The Central Group: It’s Not What You Sell. It’s What You Deliver

It's not what you sell. It's what you deliver

“People don’t want to buy a quarter-inch drill, they want a quarter-inch hole.” -Theodore Levitt

Levitt’s quote is famous, because so many companies confuse their corporate purpose. They position their brands on what they do, and lose sight of what they deliver.

But every now and then you will encounter a company that truly understands what it delivers. They aren’t selling a product or a service, they’re working for a result.

Rick Eastwood, CEO of The Central Group, is very clear on what his company delivers. He explains, “We’re not in the business of selling displays and packaging. We’re here to help our clients get their products out the door.”

It starts with the result

The Central Group manufactures point-of-purchase displays and packaging, but that’s the drill bits to paraphrase Levitt.

Rick points out that manufacturing attractive, functional packaging and displays are table stakes. All the major competitors can deliver a well designed display. The gap is whether the display can increase sales at retail or not.

The commitment to the end result, improving performance at retail, is what drives Central. They are constantly challenging themselves and their clients to quantify and qualify strategies to improve in-store performance.

Their view is a client isn’t buying a fancy corrugated box. They’re buying a tool to achieve a tangible retail goal: increase brand awareness, launch a new product, increase category sales, increase category differentiation, or something else.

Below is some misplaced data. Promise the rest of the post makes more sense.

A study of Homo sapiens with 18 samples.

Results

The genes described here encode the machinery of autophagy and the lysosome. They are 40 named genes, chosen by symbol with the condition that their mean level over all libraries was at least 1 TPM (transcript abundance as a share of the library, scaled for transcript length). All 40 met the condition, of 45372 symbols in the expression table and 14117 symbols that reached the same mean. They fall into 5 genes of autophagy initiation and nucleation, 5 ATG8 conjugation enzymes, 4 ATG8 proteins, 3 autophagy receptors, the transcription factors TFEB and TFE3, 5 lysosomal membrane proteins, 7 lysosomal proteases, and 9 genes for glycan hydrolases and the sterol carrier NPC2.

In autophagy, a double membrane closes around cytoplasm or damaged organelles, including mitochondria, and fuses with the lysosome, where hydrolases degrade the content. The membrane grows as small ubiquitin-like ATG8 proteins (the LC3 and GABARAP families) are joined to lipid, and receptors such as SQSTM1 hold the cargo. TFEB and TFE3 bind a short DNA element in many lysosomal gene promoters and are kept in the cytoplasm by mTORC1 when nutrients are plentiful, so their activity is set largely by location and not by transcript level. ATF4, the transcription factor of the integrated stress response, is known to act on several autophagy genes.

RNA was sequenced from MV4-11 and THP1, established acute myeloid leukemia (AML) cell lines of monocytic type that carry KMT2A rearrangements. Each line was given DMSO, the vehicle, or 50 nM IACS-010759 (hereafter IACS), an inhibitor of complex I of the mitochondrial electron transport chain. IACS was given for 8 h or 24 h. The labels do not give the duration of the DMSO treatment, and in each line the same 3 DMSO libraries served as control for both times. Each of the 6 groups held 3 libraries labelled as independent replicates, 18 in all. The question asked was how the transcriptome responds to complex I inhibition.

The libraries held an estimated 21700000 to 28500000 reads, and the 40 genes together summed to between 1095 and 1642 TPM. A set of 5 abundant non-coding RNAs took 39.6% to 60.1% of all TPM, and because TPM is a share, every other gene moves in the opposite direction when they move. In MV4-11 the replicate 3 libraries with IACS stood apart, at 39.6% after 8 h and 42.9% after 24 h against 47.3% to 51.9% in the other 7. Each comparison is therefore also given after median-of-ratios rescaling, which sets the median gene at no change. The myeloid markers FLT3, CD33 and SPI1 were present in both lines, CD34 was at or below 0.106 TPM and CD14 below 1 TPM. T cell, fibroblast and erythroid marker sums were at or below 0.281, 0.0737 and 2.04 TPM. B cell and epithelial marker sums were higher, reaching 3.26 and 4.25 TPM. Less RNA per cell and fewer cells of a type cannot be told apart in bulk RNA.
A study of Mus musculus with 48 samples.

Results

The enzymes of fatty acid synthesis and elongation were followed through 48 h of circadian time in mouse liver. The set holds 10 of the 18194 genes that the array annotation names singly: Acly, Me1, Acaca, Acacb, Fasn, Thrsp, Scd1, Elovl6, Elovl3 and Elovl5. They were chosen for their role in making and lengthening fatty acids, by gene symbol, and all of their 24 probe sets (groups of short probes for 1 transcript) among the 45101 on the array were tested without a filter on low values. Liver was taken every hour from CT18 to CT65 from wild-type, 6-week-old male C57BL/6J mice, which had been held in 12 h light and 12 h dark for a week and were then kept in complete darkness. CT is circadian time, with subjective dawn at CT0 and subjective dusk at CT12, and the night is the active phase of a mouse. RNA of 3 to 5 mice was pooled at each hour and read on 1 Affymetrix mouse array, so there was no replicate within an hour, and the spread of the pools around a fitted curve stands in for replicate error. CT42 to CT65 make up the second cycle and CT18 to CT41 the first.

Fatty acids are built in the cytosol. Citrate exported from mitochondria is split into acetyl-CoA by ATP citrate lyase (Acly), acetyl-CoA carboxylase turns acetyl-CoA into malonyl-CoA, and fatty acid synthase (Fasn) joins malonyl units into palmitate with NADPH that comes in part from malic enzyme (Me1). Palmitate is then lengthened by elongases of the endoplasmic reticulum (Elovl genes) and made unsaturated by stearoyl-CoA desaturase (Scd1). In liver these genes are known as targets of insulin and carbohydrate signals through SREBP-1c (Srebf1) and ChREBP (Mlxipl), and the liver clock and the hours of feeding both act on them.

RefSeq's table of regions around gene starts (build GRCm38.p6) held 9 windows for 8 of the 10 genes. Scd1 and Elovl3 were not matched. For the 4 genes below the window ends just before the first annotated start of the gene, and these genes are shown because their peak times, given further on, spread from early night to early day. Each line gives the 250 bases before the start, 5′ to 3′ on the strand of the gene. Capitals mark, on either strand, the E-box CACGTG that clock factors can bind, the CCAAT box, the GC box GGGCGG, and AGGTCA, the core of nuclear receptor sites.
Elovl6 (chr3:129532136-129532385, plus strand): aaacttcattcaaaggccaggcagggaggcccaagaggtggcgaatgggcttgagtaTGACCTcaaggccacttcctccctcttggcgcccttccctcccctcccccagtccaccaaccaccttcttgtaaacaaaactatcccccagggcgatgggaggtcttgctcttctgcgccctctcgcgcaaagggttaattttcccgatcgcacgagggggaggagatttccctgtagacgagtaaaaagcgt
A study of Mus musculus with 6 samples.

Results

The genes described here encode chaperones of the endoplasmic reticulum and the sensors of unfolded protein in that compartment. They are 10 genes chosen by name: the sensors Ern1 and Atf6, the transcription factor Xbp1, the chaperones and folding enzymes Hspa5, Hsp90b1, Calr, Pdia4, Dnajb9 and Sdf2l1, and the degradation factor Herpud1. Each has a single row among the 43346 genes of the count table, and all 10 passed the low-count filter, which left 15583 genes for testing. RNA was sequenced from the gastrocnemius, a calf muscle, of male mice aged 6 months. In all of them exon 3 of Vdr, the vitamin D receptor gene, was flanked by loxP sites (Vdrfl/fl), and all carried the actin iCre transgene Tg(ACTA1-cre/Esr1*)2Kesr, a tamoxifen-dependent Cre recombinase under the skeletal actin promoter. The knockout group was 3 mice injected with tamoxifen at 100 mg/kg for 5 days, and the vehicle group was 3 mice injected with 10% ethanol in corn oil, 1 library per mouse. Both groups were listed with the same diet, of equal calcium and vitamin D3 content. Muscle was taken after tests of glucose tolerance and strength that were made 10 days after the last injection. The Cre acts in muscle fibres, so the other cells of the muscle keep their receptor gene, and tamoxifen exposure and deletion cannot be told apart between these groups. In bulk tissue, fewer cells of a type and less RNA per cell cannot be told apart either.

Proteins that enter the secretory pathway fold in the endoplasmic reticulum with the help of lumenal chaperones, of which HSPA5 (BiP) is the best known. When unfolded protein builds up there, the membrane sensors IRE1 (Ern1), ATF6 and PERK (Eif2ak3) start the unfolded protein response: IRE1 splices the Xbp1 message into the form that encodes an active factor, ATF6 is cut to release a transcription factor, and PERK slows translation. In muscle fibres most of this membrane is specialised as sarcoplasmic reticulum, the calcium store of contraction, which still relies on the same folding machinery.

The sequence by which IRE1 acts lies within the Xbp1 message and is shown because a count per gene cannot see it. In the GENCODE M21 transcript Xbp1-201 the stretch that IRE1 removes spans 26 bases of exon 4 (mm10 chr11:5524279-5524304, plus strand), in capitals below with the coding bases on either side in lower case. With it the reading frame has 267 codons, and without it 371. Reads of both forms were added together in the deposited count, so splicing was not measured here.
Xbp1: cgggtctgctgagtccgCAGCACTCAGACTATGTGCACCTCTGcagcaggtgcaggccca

Innovate beyond your products

When you focus on you what you deliver your perceptions change about your products and services.

The Central Group’s commitment to improving performance at retail has pulled them well beyond manufacturing. In 2008 they launched the ROI Lab, a retail sandbox that has grown into one of the most sophisticated retail labs in Canada.

The lab enables companies like Colgate to work with Central’s design team to innovate and test packaging, merchandising and display concepts. They can set up the space to mimic various retail environments, and conduct research with live shoppers to see how programs work.

The lab provides CPG companies a platform to validate their in-store marketing concepts before they implement them.

The ROI Lab is only a piece of Central’s Strategic Activation system. They wrap their clients in data, from manufacturing costs to in-store performance. The goal is to get beyond the black box mentality that is so prevalent with merchandising, and work with brands to be very aware, responsive and accountable to the result: in-store performance.

Results make selling more complicated

Many companies avoid focusing on the result, because it complicates things. It’s easier to sell a commodified product. And it’s easier to sell a product if no one is measuring how well it peforms.

Focusing on the result means you’re raising the bar, and making your brand accountable.

Accountability is a not for the meek or the faint of heart. By challenging your clients to evaluate and change their processes to improve performance means you’ve got to bring more to the table: more innovation, more data, better talent, and better systems. All of which require more time and investment.

But the companies that commit to the end result, like Central, have clients beating a path to their door.


Complex2Clear
Complex2Clear

Another great post. This is so true even in large, high-stakes proposals (our business), where bidders get so wrapped up in their solutions, they fail to put the prospect first and to acknowledge and address needs beyond the technical.

StickyBranding
StickyBranding moderator

 @Complex2Clear thanks Paul. You raise an interesting point. It's like companies are getting caught up in perpetual navel gazing, and losing sight of what's really important -- their customers.